Gabriela Motroc
ZCash
Silver coin image via Shutterstock

There’s a new kid in town —everyone is talking about ZCash, a new cryptocurrency which stole the spotlight from bitcoin as the latter was celebrating eight years of existence with a new milestone: bitcoin price skyrocketed to over $700. However, ZCash is no exception to the unspoken cryptocurrency rule: its journey to stability is a rollercoaster ride.

At press time, bitcoin had jumped to $724 while  ZCash was worth just over $1,000. Before you jump on the ZCash bandwagon, let’s see how this new digital currency managed to outshine bitcoin’s eighth birthday.

ZCash vs Bitcoin: Different names for the same thing?

Yes and no. “If Bitcoin is like http for money, Zcash is https,” according to the cryptocurrency’s website.

Zcash offers total payment confidentiality, while still maintaining a decentralized network using a public blockchain. Unlike Bitcoin, Zcash transactions can be shielded to hide the sender, recipient, and value of all transactions on the blockchain. Only those with the correct view key can see the contents. Users have complete control and can opt-in to provide others with their view key at their discretion. Zcash transactions do not depend on the cooperation of other parties.

If you take a look at the testimonials, you will see that privacy is one of ZCash’s greatest assets, along with a high degree of fungibility. Plus, it uses Equihash, a memory-oriented proof-of-work based on a computer science and cryptography concept named the Generalized Birthday Problem. As Zooko Wilcox, ZCash CEO and founder and software engineer Jack Grigg wrote in a blog post a few months ago, Equihash has “very efficient verification. This could in the future be important for light clients on constrained devices, or for implementing a Zcash client inside Ethereum.” In short, Equihash means that the amount of mining you can do is mostly determined by how much RAM you have.

However, there are a lot of similarities between ZCash and bitcoin: they both have a fixed issuance model which is halved every four years and there is a maximum of 21 million units of BTC and ZEC.

Since the ZCash technology was built by a company, it comes as no surprise that 10 percent of the mining reward will go to the stakeholders in the Zcash Company — they call this the “Founders Reward.”  At first, 50 ZEC will be created every ten minutes. 80 percent of the newly created ZEC will go to the miners, and 20 percent ZEC to the founders. After the first four years, the ZEC created per ten minutes will drop to 25 ZEC, but after the first four years, 100 percent of it goes to the miners.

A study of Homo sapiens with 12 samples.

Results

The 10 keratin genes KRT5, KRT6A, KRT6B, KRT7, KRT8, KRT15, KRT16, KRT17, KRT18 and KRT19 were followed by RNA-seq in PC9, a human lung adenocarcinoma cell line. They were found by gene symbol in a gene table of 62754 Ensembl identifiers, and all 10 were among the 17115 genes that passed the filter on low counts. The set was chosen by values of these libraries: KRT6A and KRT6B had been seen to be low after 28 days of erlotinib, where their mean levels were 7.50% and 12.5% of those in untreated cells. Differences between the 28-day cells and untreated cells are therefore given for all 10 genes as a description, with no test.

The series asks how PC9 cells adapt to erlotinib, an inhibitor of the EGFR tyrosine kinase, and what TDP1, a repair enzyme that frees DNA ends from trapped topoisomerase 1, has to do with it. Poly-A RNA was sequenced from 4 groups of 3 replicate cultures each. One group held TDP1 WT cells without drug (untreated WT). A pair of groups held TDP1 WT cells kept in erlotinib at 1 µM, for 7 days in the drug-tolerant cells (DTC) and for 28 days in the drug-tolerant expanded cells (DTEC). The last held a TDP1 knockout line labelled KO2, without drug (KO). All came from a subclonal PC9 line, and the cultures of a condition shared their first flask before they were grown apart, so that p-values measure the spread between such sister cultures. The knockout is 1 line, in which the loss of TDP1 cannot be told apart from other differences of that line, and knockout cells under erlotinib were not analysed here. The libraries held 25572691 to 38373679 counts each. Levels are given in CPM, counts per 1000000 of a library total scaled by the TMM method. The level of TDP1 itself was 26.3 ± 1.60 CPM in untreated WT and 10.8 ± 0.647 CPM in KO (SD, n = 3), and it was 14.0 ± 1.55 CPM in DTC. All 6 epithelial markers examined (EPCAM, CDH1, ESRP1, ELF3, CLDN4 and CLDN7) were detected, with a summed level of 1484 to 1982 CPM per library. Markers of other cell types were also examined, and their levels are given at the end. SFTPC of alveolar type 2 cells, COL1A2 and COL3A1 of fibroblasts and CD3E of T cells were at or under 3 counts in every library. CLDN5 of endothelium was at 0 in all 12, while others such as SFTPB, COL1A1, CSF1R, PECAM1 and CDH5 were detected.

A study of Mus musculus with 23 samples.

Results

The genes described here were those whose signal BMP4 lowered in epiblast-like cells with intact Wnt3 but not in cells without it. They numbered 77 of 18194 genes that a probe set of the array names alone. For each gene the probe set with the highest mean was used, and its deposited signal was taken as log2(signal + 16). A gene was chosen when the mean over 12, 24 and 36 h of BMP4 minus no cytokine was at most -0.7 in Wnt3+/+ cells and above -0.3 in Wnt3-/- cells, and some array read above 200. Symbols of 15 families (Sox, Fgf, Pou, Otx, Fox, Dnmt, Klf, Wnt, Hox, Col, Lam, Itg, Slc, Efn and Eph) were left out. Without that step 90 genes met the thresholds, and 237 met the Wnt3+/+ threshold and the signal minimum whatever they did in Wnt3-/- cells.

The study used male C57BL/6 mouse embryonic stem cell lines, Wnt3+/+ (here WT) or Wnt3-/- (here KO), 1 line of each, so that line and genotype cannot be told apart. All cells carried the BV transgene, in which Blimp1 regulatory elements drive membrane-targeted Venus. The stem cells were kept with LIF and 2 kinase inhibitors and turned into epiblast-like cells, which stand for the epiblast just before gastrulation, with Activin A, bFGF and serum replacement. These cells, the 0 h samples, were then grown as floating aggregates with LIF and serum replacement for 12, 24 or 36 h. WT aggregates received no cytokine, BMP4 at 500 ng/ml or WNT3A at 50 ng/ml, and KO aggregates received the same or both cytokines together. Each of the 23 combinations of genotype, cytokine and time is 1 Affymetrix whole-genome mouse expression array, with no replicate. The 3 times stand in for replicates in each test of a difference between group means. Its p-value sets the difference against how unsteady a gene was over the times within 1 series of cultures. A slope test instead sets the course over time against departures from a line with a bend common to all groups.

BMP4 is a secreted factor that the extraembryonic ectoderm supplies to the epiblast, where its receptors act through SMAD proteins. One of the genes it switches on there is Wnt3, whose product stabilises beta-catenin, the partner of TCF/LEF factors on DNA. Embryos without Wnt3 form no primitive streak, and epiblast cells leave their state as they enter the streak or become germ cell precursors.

Mining situation

If you want to mine ZCash, you can either build you own GPU rig or mine it in the cloud, Bitcoin Magazine reports. ZCash held an open source miner challenge between September 27 and October 27, 2016 and published some of the submissions on its website.

The block rewards will be limited for the first 20,000 blocks. The idea behind the “slow start” was explained by Wilcox on GitHub eight months ago:

With the “slow start” approach, we can pull the trigger to start mining, knowing that we still have a few weeks before it gets to be significantly valuable, giving us time to watch for failures, work on related operational things (updating our website, dealing with getting hacked and defaced and all that, collaborating with wallet makers, exchange operators, and other partners, touring the world to visit stadiums of screaming fans, etc.).

How does ZCash work?

Zcash uses a zero-knowledge proof construction called a zk-SNARK. According to the ZCash website, “these constructions allow the network to maintain a secure ledger of balances without disclosing the parties or amounts involved. Instead of publicly demonstrating spend-authority and transaction values, the transaction metadata is encrypted and zk-SNARKs are used to prove that nobody is cheating or stealing.”

This protocol is believed to be the answer to bitcoin’s lack of fungibility. The “zk” part refers to the fact that the transaction may mean that you have access to funds but it says nothing about what they are. As Wilcox told Bitcoin Magazine a couple of months ago, “the dream is that people all around the world use Zcash and other cryptocurrencies directly, to cooperate and organize with one another in safety and privacy.”

Happy birthday, Bitcoin!

A lot of ink has been spilled lately on the topic of ZCash and its fluctuant price but that does not stop bitcoin from growing both in dollars and in years. It’s been eight years since Satoshi Nakamoto released the bitcoin whitepaper and this cryptocurrency is still going strong.

Read the full bitcoin whitepaper released by Satoshi Nakamoto on October 31, 2008 here.

Author
Gabriela Motroc
Gabriela Motroc is an online editor for JAXenter.com. Before working at S&S Media she studied International Communication Management at The Hague University of Applied Sciences.